Advisory Board President
Jay Oglesby lives in Birmingham, Alabama, where he is president of Capstone Lifestyle Communities, a developer of resort-inspired residential communities designed for active seniors. Jay earned an undergraduate degree in Journalism and English from the University of Mississippi and is the first alumnus to serve as SFA Board President. After working as a junior high school teacher and line cook, he earned MBA and Masters of International Management degrees from the Thunderbird School of Global Management. Born in Columbus, Mississippi, Jay lived and worked in Texas, California, Florida, and North Carolina prior to returning to his adoptive hometown of Birmingham. Jay and his wife, Jackie, have a son at the University of Mississippi and a daughter at Belmont University in Nashville.
Bill Addison has served as Atlanta magazine’s food editor and restaurant critic since 2009. He began his food-writing career at Creative Loafing in Atlanta in 2002 and has since been a food critic for the San Francisco Chronicle and lead restaurant critic at the Dallas Morning News. He’s been nominated twice for a James Beard Foundation award and has won several Association of Food Journalists awards. His first SFA symposium was Smoke, Sauce, and Hickory in 2002; it was all down the gullet from there.
Diane Flynt, president of Foggy Ridge Cider, grows heirloom apples and makes hard cider in Dugspur, Virginia, near the Blue Ridge Parkway. A Georgia native, Flynt worked for over twenty years in banking before returning to her farming roots. In 2004, she founded Foggy Ridge Cider, the first farm winery in the South to focus full time on growing cider apples and making craft cider. Each year Foggy Ridge Cider has sold its complete production, which in 2013 will be 4500 cases. Flynt has also played a leadership role in promoting Virginia wine and is active in national cider initiatives.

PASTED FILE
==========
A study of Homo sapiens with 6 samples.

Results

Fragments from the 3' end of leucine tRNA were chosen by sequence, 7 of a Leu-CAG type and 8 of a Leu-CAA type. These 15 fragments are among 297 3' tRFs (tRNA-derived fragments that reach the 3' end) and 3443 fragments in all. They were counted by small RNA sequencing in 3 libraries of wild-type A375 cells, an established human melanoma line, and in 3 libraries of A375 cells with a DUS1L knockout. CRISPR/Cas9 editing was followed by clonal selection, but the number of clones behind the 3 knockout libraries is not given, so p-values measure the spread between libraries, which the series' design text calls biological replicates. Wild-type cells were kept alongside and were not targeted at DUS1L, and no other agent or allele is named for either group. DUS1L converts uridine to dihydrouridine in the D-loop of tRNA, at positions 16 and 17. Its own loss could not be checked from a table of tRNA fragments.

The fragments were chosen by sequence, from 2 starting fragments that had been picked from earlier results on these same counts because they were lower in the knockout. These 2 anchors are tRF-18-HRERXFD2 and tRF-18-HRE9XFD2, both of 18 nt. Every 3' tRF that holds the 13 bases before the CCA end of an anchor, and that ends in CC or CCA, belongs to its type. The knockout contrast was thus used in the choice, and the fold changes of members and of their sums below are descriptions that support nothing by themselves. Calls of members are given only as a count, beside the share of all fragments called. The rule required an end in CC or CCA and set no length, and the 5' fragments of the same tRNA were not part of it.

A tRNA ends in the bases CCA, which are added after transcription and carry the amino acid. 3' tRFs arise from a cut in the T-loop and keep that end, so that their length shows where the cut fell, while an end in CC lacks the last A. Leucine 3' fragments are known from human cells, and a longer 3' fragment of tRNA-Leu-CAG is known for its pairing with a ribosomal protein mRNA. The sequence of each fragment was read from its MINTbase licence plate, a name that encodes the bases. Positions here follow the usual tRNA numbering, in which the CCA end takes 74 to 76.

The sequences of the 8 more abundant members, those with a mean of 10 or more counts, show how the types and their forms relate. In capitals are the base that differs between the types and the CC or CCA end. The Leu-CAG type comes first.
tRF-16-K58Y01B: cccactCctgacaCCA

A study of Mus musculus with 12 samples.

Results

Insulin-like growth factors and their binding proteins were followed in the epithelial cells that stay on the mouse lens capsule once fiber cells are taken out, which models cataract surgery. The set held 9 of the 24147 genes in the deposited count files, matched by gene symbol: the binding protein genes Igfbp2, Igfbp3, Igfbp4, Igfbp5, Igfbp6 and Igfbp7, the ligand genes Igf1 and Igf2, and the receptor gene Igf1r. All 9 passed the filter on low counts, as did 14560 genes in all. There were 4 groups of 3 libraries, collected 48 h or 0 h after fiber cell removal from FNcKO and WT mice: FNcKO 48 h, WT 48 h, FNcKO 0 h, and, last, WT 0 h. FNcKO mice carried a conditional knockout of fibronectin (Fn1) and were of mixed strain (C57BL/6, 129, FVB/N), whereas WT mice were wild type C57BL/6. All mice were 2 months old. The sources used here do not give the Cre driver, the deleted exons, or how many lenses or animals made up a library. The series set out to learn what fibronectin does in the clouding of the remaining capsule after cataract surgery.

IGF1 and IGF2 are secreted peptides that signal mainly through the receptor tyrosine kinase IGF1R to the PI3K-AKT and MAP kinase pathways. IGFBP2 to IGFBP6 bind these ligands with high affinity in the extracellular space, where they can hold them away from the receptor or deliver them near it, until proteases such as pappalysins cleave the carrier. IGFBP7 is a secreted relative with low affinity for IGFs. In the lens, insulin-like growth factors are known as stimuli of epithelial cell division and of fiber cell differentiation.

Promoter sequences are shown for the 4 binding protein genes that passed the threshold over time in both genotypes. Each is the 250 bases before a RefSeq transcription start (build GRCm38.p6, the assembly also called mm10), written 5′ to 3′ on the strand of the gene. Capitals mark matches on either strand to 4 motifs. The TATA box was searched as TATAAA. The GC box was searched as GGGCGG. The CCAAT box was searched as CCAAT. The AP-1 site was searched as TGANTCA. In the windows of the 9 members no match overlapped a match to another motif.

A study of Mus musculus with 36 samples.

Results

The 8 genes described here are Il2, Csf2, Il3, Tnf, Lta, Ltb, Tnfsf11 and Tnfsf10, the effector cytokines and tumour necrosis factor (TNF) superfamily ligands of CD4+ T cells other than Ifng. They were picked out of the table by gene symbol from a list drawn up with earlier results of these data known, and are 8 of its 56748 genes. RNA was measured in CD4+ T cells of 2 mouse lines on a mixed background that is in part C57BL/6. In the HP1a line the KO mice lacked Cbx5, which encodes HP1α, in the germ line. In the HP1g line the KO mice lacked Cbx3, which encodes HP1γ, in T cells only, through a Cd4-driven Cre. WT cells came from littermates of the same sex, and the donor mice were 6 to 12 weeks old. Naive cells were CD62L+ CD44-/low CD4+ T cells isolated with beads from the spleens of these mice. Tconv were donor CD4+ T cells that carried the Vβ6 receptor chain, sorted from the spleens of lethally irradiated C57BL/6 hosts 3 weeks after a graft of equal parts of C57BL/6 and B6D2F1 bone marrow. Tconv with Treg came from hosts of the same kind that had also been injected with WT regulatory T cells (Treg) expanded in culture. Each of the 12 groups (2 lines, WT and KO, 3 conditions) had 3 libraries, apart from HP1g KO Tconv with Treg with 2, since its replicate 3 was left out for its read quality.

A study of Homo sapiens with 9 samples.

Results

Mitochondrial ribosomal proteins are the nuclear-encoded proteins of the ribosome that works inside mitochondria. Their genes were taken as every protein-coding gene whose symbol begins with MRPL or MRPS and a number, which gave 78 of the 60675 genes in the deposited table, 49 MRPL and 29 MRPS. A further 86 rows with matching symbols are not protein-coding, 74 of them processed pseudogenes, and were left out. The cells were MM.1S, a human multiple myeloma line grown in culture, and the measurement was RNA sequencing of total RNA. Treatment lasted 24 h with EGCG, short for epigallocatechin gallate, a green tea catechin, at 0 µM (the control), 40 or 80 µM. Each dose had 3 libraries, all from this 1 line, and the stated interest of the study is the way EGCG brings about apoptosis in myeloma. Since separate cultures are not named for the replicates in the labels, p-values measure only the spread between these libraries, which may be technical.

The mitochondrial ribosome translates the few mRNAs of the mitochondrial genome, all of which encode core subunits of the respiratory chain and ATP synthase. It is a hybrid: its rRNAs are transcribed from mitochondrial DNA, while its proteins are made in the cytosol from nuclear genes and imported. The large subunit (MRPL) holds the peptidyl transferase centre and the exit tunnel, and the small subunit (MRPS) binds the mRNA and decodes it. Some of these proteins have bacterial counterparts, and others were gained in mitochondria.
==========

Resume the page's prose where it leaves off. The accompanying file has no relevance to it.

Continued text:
Alba Huerta moved to Houston when she was six and, except for a brief stint in Las Vegas, where she moved to refine her service skills, she’s been there ever since. She’s managed Anvil Bar and Refuge, and opened establishments including The Pastry War, a mezcaleria that mirrors her quality standards for agave production, and Julep, the bar that she describes as the culmination of her career as a bartender. Huerta is a successful business owner who has been named one of 10 rising star female mixologists by Food & Wine in 2015, as well as Imbibe magazine’s Bartender of the Year in 2014.
Francis Lam is editor-at-large at Clarkson Potter and a columnist for the New York Times Magazine. His writing and editing have won numerous awards from the International Association of Culinary Professionals and the James Beard Foundation. In past lives, he was a judge on Top Chef Masters, the features editor at Gilt Taste, a senior writer at Salon.com and a contributing editor at Gourmet. His work has appeared in the 2006-2014 editions of Best Food Writing.
SFA Board Past President
Rob is a writer and producer in Hollywood. He began his career with the long-running television show Cheers. More recently he created Sullivan & Son. Rob has authored two books, is a contributing editor to the National Review and the Los Angeles Times, and writes occasionally for the Wall Street Journal and the BBC Radio Times. His weekly radio commentary, “Martini Shot,” may be heard on public radio in Los Angeles or on iTunes.
Ted Ownby is the director of the Center for the Study of Southern Culture at the University of Mississippi. He holds a joint appointment in History and Southern Studies. He earned his B.A. from Vanderbilt University, and an M.A. and doctorate from Johns Hopkins University. He is the author of American Dreams in Mississippi: Consumers, Poverty, and Culture, 1830–1998 and Subduing Satan: Religion, Recreation, and Manhood in the Rural South, 1865–1920. He is the co-editor of the Mississippi Encyclopedia and writes and teaches classes on the social and cultural history of the American South.
Drew Robinson, a native of Birmingham, Alabama, graduated from the New England Culinary Institute. In 1997 he moved to Mendocino, California, where he expanded his knowledge of technique and ingredient-driven food. In 2001, he returned to his hometown to work with Frank Stitt at Highlands Bar and Grill, where he rose through the brigade to become chef de cuisine. In 2003, Robinson decided to apply his formal training to traditional foods when he began working with Birmingham-based Jim ‘n Nick’s Bar-B-Q. In that capacity he has served the SFA for nearly a decade, beginning with the 2004 Birmingham Field Trip.